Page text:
By Hai Ning
The Russia-Ukraine conflict propelled many European countries to break away from their old “taboos” and launch an intense series of measures in a new round of reform of defense policies.
Military aid to Ukraine breaks Europe’s conventions repeatedly. Germany lifted ban on sending air-defense and anti-tank “lethal weapons” to war zone for the first time. Sweden and Finland both substantially gave up their “neutral” tradition and provided Ukraine with weapons and ammunition. The EU, for the first time ever, announced to actuate more than EUR 500 million of “European Peace Facility” to purchase and deliver “lethal weapons”, fuels and protective gears for a country currently under attack, and that pretty much used up the fund’s budget for this year. Many other European countries publicly supported or allowed their citizens to fight in Ukraine as “international mercenaries”.
Military buildup and war preparedness is at full tilt. It’s worth special attention that Germany, for the first time ever after its reunification in 1990, increased its defense budget by a large margin and announced to set up a “special fund” of EUR 100 billion to strengthen the military, saying that it would increase the annual defense spending to over 2 percent of GDP from now on. This means Germany will surpass India to become the world’s third-largest military spender, and its Defense Ministry already announced its plan to buy 35 of America’s F-35 fighter jets. Poland sped up the takeover of 250 M1A2 Abrams main battle tanks from the US, and its Sejm almost unanimously passed the homeland defence bill, which increased the national expenses from the current 2 percent to 3 percent of GDP starting from 2023. Several other European countries also rolled out military-strengthening plans.
North European countries change course to support multilateral defense mechanism. There is a dramatic change in the public opinions of Finland, as a poll showed more than half of its population for the first time now supports joining NATO. Sweden and Finland, two traditionally neutral countries, both expressed willingness to tighten the ties with NATO. Denmark, which upholds “Atlanticism” and “NATO supremacy”, intends to join the EU common defense mechanism and will hold a referendum on this in June this year.
The adjustment of defense policies by European countries is a reaction to the abrupt change of situation. More importantly, it is a reflection of the profound change in Europeans’ security outlook stemming from the Russia-Ukraine conflict.
In the 21st century, traditional military security has been marginalized in the minds of Europeans. At the end of 2003, the relationship between Europe and Russia reached a peak after the Cold War with their planning for four common spaces – Common Economic Space, the Common Space of Freedom, Security and Justice, the Common Space of External Security, and the Common Space on Research, Education and Culture.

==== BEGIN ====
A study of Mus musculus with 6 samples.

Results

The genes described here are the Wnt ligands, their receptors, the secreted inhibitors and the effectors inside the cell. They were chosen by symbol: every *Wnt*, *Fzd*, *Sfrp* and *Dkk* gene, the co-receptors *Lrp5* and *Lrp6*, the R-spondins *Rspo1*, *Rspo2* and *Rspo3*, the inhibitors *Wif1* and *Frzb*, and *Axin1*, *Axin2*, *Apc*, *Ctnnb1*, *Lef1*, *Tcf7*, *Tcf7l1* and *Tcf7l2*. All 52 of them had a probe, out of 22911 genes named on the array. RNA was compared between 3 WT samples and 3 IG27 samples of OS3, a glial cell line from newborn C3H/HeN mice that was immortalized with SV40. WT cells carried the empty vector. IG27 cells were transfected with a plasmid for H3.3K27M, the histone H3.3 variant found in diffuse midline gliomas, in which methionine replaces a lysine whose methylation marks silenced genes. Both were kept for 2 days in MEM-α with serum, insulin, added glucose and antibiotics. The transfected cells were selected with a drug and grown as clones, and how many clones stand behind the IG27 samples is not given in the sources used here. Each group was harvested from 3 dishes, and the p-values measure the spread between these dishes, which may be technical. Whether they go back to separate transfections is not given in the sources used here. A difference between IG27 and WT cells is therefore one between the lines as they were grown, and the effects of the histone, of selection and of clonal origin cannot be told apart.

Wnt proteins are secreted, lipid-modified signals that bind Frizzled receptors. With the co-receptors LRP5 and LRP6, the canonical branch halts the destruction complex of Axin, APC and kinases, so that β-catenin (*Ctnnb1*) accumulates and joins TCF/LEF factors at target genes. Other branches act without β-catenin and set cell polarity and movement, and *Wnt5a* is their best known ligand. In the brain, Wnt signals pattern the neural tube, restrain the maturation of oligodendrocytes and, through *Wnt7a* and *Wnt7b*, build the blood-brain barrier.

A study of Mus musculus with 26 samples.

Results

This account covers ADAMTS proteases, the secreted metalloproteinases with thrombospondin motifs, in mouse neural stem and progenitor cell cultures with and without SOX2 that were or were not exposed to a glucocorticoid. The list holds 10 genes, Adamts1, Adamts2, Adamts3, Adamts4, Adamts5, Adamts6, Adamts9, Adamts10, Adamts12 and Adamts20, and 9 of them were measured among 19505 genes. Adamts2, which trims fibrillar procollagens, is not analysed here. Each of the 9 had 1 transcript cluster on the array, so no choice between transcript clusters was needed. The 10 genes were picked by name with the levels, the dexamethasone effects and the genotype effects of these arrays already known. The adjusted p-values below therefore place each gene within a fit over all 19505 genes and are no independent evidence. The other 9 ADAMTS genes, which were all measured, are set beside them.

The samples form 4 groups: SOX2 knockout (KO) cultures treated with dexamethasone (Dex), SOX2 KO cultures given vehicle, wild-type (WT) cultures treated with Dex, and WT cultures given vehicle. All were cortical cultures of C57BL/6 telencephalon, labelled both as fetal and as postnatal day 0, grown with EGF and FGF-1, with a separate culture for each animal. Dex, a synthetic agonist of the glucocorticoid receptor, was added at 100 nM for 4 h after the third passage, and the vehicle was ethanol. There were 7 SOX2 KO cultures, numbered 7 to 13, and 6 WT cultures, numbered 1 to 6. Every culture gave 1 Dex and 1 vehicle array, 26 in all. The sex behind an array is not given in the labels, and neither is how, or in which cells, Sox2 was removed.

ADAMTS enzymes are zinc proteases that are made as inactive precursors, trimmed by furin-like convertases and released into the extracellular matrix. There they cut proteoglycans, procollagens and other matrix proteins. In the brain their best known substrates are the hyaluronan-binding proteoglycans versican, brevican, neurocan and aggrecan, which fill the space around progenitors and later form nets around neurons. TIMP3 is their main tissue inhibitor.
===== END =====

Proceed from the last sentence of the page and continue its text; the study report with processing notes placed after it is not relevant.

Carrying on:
The Russia-Georgia conflict in 2008 and Moscow’s annexation of Crimea in 2014 dented the strategic mutual trust between Europe and Russia, but there was much room for an upturn and bilateral economic ties, trade and energy deals even increased.
EU’s latest Global Strategy issued in 2016 only labeled Russia as a “mixed war” threat on a relatively low-risk level.
But the flames of war were ignited on the European continent owing to America’s continuous push for NATO’s eastward expansion and its instigation regardless of Moscow’s security concerns. As a result, Europeans that used to oppose defense expenditure squeezing social benefits have changed their mind, and the political figures who used to fear being abandoned by voters for their more “militant” stances are all eager to step up military preparations to cater to the sudden change of prevalent sentiments.
There are extremely complex historical reasons for the evolution of the Ukraine issue. That Ukraine has been reduced into the forefront of major-country confrontation has also hurt Europe, which is having Russia, the strong neighbor that won’t move, on one side and the US, the chief that is not easy to deal with, on the other, while the countries on the continent are all making their own calculations. Against such a backdrop, creating a balanced, valid and sustainable European security architecture seems far beyond reach. In the current entanglement, how to realize “strategic independence” and “lasting peace” in the real sense is a question the Europeans should really think about.